By Eliana Robinson     Apr 5, 2014 in Politics
On Thursday, April 3, 2014, the Governor of Mississippi, Phil Bryant, signed into law a measure that allows individuals and organizations to sue the government over laws that they feel obstruct their ability to practice religion.
This is essentially a duplicate of the bill that was vetoed by the Governor of Arizona, Jan Brewer, earlier this year.
Many equal rights groups believe that this bill allows for the outright discrimination of not only gays and lesbians, but also African Americans, women, Jews, Muslims, Hispanics, Asians, and anyone else the discriminator chooses to discriminate against. They believe that this law legalizes homophobia, racism, sexism, able-ism, and every other form of hatred. Advocates of this bill are not oblivious to its effects. They are fully aware of the repercussions of their actions.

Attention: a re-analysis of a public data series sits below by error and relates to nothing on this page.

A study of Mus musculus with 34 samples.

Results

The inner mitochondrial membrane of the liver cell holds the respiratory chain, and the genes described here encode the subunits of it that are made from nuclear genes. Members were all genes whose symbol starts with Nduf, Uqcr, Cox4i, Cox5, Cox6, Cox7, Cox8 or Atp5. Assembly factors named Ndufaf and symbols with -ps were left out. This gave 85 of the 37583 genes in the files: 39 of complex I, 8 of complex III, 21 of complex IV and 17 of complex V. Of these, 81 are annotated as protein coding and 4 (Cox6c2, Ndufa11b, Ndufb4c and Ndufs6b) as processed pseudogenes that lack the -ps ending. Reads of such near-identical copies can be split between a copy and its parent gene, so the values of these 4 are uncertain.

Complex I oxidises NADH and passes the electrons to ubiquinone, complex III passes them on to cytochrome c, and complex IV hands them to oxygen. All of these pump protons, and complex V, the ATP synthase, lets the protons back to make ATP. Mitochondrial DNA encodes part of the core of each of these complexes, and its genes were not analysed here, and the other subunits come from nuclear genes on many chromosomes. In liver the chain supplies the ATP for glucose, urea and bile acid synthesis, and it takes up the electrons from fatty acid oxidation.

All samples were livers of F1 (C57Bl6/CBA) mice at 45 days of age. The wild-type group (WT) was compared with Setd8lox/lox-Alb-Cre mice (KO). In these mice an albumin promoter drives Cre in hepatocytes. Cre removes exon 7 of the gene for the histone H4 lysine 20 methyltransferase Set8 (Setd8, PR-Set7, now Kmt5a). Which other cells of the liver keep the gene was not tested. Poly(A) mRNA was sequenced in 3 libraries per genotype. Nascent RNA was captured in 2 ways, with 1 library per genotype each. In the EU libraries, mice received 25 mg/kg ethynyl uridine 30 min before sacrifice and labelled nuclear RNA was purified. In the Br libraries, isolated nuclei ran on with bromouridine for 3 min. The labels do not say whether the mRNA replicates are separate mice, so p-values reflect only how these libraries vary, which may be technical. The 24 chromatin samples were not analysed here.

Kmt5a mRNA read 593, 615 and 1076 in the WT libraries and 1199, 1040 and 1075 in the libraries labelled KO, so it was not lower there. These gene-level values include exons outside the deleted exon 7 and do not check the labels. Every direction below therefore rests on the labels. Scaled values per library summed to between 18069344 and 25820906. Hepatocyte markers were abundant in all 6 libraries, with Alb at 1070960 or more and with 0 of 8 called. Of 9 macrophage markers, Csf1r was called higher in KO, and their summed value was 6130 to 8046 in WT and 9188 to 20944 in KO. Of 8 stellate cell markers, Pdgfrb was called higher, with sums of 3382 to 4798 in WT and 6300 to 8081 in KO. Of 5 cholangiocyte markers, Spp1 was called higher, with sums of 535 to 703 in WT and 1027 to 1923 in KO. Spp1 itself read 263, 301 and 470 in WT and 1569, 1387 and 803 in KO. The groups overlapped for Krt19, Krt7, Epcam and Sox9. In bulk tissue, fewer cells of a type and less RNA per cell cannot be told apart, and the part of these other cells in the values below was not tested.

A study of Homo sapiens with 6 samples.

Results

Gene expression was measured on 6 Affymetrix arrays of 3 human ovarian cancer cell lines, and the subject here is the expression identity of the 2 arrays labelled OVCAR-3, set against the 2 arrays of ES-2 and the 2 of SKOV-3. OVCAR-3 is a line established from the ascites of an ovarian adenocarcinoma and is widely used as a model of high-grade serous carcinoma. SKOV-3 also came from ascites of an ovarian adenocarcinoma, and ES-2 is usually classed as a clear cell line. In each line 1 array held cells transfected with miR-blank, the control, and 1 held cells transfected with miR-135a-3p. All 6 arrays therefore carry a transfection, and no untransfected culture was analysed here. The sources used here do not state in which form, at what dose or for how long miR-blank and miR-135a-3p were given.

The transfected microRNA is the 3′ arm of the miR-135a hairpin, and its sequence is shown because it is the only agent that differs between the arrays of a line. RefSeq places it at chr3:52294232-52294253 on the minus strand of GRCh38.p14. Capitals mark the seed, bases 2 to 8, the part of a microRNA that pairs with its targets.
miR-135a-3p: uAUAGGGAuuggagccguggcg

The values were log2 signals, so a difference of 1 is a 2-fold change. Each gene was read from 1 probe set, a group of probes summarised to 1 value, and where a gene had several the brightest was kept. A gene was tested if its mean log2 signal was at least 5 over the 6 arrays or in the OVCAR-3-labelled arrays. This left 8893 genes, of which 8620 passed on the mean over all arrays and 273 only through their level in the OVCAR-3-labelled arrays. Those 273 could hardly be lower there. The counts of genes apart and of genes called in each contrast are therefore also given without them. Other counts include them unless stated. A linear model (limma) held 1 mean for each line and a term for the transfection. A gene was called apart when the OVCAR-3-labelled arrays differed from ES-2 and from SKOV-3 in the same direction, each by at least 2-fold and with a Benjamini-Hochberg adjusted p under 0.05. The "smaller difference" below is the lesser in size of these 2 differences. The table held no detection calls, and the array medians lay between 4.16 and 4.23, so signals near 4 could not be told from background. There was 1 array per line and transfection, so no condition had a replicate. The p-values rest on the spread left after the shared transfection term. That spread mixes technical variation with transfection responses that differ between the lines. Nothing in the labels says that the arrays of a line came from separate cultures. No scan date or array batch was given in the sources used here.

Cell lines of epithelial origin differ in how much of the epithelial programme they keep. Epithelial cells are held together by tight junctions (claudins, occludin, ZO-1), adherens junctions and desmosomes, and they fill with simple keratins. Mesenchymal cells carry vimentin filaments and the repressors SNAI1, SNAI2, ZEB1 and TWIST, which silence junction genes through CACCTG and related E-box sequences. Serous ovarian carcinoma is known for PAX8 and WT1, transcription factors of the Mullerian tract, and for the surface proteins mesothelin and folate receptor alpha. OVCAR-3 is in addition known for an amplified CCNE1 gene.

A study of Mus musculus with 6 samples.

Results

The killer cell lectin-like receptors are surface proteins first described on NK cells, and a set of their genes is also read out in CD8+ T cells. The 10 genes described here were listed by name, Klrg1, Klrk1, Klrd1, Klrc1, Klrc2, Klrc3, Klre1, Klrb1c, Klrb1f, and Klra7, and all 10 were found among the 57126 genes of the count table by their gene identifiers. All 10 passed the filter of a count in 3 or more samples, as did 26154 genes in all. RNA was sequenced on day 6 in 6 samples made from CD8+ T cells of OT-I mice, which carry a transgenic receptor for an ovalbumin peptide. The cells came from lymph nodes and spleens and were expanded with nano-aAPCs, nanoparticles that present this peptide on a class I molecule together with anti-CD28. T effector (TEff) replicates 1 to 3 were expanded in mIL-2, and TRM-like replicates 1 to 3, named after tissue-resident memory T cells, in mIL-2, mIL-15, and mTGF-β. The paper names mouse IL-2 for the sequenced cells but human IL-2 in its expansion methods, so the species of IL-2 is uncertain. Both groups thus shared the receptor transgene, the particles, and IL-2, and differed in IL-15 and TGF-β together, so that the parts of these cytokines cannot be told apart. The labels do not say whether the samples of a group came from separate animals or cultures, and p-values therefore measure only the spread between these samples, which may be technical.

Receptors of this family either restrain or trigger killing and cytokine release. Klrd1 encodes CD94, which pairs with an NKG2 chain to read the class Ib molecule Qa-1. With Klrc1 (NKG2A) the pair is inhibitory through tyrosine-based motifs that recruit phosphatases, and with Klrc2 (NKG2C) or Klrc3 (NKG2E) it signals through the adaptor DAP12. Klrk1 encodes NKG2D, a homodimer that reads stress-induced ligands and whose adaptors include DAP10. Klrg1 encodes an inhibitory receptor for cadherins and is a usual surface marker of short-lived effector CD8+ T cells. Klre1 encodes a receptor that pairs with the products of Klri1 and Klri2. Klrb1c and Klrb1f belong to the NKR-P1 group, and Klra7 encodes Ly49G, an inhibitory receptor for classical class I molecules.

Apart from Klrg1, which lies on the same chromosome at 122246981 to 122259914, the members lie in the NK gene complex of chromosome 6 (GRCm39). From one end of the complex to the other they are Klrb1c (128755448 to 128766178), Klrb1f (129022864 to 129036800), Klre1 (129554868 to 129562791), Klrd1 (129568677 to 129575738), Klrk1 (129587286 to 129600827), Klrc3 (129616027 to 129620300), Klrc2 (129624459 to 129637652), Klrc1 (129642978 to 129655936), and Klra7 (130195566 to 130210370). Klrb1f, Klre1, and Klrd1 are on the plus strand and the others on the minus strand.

“I am proud to sign the Mississippi Religious Freedom Restoration Act, which will protect the individual religious freedom of Mississippians of all faiths from government interference,” said Gov. Bryant in a statement.
Some would argue that this bill is not about religious freedom, that it has nothing to do with what its supporters claim. It has been said that this is yet again another example of people using religious zeal as an excuse for hatred. Religion has been used as an excuse for radicalism throughout the course of history and what we are now seeing is a repeat.
As of now there are 18 states that have passed “religious freedom” laws. The bill goes into effect in July 2014.